Volume 28, Issue 9 p. 1084-1097

Warfarin Pharmacogenetics

Dr. Nita A. Limdi Pharm.D., Ph.D., M.S.P.H.

Corresponding Author

Dr. Nita A. Limdi Pharm.D., Ph.D., M.S.P.H.

Department of Neurology, University of Alabama, Birmingham, Alabama.

Department of Neurology, University of Alabama at Birmingham, 1719 6th Avenue South, CIRC-312, Birmingham, AL 35294-0021; e-mail: [email protected].Search for more papers by this author
Dr. David L. Veenstra Pharm.D., Ph.D.

Dr. David L. Veenstra Pharm.D., Ph.D.

Pharmaceutical Outcomes Research and Policy Program and Institute for Public Health Genetics, University of Washington, Seattle, Washington.

Citations: 104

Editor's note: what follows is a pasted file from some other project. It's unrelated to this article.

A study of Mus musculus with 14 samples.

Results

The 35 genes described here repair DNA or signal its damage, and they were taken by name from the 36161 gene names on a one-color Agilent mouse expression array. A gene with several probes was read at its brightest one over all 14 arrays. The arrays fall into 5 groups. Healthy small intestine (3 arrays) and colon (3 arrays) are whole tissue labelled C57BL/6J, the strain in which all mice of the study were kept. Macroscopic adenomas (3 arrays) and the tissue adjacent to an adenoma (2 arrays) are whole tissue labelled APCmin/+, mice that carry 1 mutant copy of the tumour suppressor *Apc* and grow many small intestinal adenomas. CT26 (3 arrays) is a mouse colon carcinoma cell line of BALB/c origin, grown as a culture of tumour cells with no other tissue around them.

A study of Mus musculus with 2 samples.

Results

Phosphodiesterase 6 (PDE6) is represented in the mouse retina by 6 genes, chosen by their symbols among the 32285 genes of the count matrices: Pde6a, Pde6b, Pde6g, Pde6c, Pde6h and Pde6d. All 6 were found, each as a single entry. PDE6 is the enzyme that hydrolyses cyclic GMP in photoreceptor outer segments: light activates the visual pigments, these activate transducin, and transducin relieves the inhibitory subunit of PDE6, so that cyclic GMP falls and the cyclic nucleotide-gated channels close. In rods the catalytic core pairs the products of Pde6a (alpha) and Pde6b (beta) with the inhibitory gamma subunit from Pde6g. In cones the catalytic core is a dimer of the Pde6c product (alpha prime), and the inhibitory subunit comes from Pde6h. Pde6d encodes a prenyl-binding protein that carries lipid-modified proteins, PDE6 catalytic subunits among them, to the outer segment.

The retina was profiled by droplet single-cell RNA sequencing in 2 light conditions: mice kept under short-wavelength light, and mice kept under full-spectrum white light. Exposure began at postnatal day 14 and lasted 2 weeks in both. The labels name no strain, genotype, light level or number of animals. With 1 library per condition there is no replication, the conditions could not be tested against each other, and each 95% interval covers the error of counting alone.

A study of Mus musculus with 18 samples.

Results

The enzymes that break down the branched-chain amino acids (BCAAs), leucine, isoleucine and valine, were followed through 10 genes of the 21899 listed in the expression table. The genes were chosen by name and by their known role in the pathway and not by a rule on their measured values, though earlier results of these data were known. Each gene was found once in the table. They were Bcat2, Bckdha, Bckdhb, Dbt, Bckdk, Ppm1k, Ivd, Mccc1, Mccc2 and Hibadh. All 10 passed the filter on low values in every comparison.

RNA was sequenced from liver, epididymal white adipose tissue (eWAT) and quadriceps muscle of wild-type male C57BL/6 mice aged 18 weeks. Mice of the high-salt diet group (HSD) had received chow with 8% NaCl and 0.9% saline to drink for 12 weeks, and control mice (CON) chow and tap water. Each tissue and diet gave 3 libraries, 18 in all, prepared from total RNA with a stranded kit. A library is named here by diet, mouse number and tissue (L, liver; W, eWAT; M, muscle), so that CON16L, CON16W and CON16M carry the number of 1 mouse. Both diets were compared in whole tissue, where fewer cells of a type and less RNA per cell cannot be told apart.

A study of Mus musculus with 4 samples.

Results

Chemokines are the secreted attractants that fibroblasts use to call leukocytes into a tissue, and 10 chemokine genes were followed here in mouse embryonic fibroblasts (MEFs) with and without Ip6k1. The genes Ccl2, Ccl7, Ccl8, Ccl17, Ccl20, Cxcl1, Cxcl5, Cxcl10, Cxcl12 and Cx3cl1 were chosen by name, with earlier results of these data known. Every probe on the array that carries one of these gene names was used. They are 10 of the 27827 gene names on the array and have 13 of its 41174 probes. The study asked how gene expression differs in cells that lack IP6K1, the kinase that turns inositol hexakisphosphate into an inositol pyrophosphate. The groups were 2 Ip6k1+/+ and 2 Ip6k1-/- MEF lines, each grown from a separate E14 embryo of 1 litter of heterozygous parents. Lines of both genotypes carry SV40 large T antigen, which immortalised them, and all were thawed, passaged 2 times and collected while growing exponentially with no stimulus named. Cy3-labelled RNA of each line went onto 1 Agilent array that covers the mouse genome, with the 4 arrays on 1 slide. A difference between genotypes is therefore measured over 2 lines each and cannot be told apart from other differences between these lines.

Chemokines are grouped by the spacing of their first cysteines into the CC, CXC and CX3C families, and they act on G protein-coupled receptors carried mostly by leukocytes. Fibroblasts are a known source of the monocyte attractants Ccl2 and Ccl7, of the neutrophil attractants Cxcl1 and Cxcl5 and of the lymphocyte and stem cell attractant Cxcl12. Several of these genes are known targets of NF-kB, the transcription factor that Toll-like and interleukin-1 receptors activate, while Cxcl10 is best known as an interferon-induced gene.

Significant interest in the pharmacogenetics of warfarin therapy has been triggered with the recent package insert update that highlights the potential role of pharmacogenetics in improving the safety and effectiveness of warfarin. We review the evidence of the influence of the two key genes of interest, the cytochrome P450 2C9 gene, CYP2C9, and the vitamin K epoxide reductase complex 1 gene, VKORC1, on warfarin response and discuss the implications of current knowledge for clinical practice. The influence of CYP2C9 and VKORC1 genotypes on warfarin dose requirements has been consistently demonstrated in diverse racial and ethnic patient groups in observational studies and randomized clinical trials. Dosing algorithms have been developed that incorporate clinical, demographic, and genetic information to help select a warfarin starting dose. Furthermore, CYP2C9 variant genotypes have been associated with a significantly increased risk of serious bleeding events. However, evidence to date from prospective, controlled studies has not demonstrated an added benefit of incorporating genotype-guided therapy in improving anticoagulation control or in preventing or reducing the risk of hemorrhagic or thromboembolic complications. Research efforts designed to evaluate the effectiveness of genotype-guided therapy in improving outcomes are under way. However, the routine use of CYP2C9 and VKORC1 genotyping in the general patient population who begin warfarin therapy is not supported by evidence currently available.